Printmaker Lenore Lim uses her talent to provide other artists the opportunity to find their own creative outlets.
One bright Saturday morning, the young Lenore Raquel-Santos headed to school at the College of the Holy Spirit to attend the free art class of her teacher, Sister Araceli. Her decision [to attend the class], borne out of her curiosity for art, would lead her to the not-so-ordinary life that she now has.
Lenore has devoted herself to mastering the art of printmaking. “The beauty of the world, remembrances of landscapes, childhood memories, the culture of my homeland,—all these inspire me,” she says. This acclaimed artist considers art as a mechanism for personal expression and social interaction.
Lenore grew up in a family of professionals who encouraged her creative inclinations. Her parents, Arsenio and Ella Raquel-Santos, were both lawyers at the Philippine Department of Justice and Senate, respectively. “My father bought me my first art book and was supportive of my preference for the arts. Most of my siblings took up business or law, so my choice of profession was a refreshing change.”
Lenore pursued her bachelor’s degree in fine arts at the University of the Philippines. She briefly taught art at the International School in Manila. Afterwards, she married Jose Lim, now a Manhattan realtor. The family moved to Vancouver, British Columbia, in Canada for some years but they now reside in New York, where Lenore studied at the School of Visual Arts and the Robert Blackburn Printmaking Studio. She built a remarkable portfolio of prints, and critical acclaim followed.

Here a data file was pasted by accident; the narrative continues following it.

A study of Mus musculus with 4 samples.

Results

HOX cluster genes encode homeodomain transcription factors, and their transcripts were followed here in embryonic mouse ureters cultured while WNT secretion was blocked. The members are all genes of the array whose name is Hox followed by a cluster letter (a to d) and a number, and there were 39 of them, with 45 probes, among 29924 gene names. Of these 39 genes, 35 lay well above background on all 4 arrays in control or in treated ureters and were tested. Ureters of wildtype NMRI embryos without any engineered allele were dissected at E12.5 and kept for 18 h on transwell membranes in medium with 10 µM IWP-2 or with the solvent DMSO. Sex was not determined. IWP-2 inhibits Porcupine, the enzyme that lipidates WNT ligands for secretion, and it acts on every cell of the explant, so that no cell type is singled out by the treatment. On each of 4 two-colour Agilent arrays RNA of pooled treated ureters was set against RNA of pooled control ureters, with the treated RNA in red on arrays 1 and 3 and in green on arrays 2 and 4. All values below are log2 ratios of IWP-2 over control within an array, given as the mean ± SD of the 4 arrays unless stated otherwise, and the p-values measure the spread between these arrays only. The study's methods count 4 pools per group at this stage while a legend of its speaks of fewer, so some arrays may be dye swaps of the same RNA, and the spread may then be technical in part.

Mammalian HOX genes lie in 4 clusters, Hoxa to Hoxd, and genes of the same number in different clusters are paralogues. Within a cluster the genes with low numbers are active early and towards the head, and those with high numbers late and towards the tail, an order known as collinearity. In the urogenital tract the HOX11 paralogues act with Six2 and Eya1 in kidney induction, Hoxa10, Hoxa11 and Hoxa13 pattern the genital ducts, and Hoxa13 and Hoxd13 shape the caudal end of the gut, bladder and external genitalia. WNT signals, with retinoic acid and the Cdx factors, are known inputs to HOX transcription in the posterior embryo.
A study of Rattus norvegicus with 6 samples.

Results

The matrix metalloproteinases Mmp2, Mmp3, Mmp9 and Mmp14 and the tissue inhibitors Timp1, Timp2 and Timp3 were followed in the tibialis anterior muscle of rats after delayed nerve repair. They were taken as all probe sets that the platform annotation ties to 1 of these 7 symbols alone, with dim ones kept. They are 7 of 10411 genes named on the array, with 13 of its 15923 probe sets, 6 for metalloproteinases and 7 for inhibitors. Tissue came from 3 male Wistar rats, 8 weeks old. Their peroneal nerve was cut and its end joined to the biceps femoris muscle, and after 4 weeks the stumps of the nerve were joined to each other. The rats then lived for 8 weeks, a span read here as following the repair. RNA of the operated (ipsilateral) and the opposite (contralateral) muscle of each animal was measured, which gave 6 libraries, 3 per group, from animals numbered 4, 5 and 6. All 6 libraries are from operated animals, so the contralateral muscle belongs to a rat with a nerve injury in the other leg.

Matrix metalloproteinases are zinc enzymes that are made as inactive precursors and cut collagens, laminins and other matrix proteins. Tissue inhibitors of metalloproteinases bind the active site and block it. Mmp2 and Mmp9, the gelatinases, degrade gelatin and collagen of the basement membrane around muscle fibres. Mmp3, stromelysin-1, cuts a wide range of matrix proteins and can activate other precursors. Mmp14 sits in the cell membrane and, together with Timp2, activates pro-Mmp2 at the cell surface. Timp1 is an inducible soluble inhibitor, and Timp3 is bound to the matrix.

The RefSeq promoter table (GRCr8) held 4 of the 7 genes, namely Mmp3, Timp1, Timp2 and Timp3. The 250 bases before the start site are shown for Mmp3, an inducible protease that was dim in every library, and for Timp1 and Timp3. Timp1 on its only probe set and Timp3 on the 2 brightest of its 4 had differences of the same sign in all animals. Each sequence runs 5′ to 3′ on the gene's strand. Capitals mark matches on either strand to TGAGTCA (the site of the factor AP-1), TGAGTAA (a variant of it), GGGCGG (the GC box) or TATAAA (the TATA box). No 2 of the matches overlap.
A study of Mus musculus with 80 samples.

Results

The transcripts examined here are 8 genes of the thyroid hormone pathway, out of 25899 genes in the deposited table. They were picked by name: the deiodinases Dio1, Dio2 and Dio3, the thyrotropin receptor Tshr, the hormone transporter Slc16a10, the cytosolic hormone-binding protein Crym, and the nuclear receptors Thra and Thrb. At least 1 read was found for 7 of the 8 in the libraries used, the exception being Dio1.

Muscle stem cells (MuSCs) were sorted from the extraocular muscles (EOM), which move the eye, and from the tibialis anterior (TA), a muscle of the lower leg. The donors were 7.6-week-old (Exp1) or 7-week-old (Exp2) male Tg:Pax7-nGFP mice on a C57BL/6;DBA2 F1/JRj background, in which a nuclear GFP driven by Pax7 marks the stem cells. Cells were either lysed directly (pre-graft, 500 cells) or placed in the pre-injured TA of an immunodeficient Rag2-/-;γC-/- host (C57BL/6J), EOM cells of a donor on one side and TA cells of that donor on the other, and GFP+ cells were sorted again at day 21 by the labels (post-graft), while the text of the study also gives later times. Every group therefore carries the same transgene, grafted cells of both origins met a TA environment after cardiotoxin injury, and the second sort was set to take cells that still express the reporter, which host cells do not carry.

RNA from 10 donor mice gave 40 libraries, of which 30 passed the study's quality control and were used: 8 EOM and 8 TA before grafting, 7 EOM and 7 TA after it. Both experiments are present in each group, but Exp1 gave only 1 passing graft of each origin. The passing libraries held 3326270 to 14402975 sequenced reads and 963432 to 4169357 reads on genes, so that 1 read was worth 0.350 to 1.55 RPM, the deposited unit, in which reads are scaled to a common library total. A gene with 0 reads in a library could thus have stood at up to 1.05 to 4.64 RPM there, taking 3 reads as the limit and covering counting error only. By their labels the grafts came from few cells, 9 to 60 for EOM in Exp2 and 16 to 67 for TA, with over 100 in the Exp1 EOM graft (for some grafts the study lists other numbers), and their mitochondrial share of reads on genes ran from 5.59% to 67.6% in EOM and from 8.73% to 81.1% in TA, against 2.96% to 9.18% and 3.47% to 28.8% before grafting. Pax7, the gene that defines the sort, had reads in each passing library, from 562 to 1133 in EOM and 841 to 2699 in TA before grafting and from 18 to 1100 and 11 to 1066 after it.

Represented in New York by Paul Sharpe Contemporary Art, Lenore is a familiar name in various credible art institutions, such as The Museum of Modern Art (New York and San Francisco), Whitney Museum, Asia Society NY, Manila Metropolitan Museum and Ayala Museum Philippines. She also came out with a book, Profound Afterglow: The Prints of Lenore RS Lim. “Through my art, I am able to project a good image of the Philippines,” she reveals.
Most of Lenore’s aesthetic sense stems from daily experiences and valued personal relationships. She is inspired by her two children: Claire, a director for CITI’s Global Consumer Group in New York, and Justin, 27, a lawyer with the Legal Aid Society of New York. “Both my children developed to their full potential and know the value of community service,” she says proudly.
|“Cadena de Amor.” “This etching with leaf collage, reminds me of the academic ritual, named after the flower, that I participated in prior to my graduation from the University of the Philippines. I aimed to show the intricacy of the leaf’s structure, the awesome workings of nature, where the finest tendrils, no matter how seemingly insignificant, are essential to the plant’s full blossoming into its pristine and organic beauty.”
Beyond personal aesthetics, her works tackle social issues as well. “Art moves the soul while encouraging social awareness,” she states matter-of-factly. “With such a powerful tool at our disposal, artists can become cross-cultural humanitarians.”
This selfless perspective is fully manifested in the Lenore RS Lim Foundation for the Arts, established in 2007. “One of my goals is to share what I learned and help other artists, who do not have the means, pursue their passions.”
So what does Lenore RS Lim bring to the table? She teaches us to capture the consciousness of the world and motivates us to make a difference.
“I have to create art that is fulfilling, and this is a gift to be shared,” she concludes.
Lenore RS Lim’s website: www.lenorelim.com.
Serina Aidasani works with a marketing communications firm and is based in New York.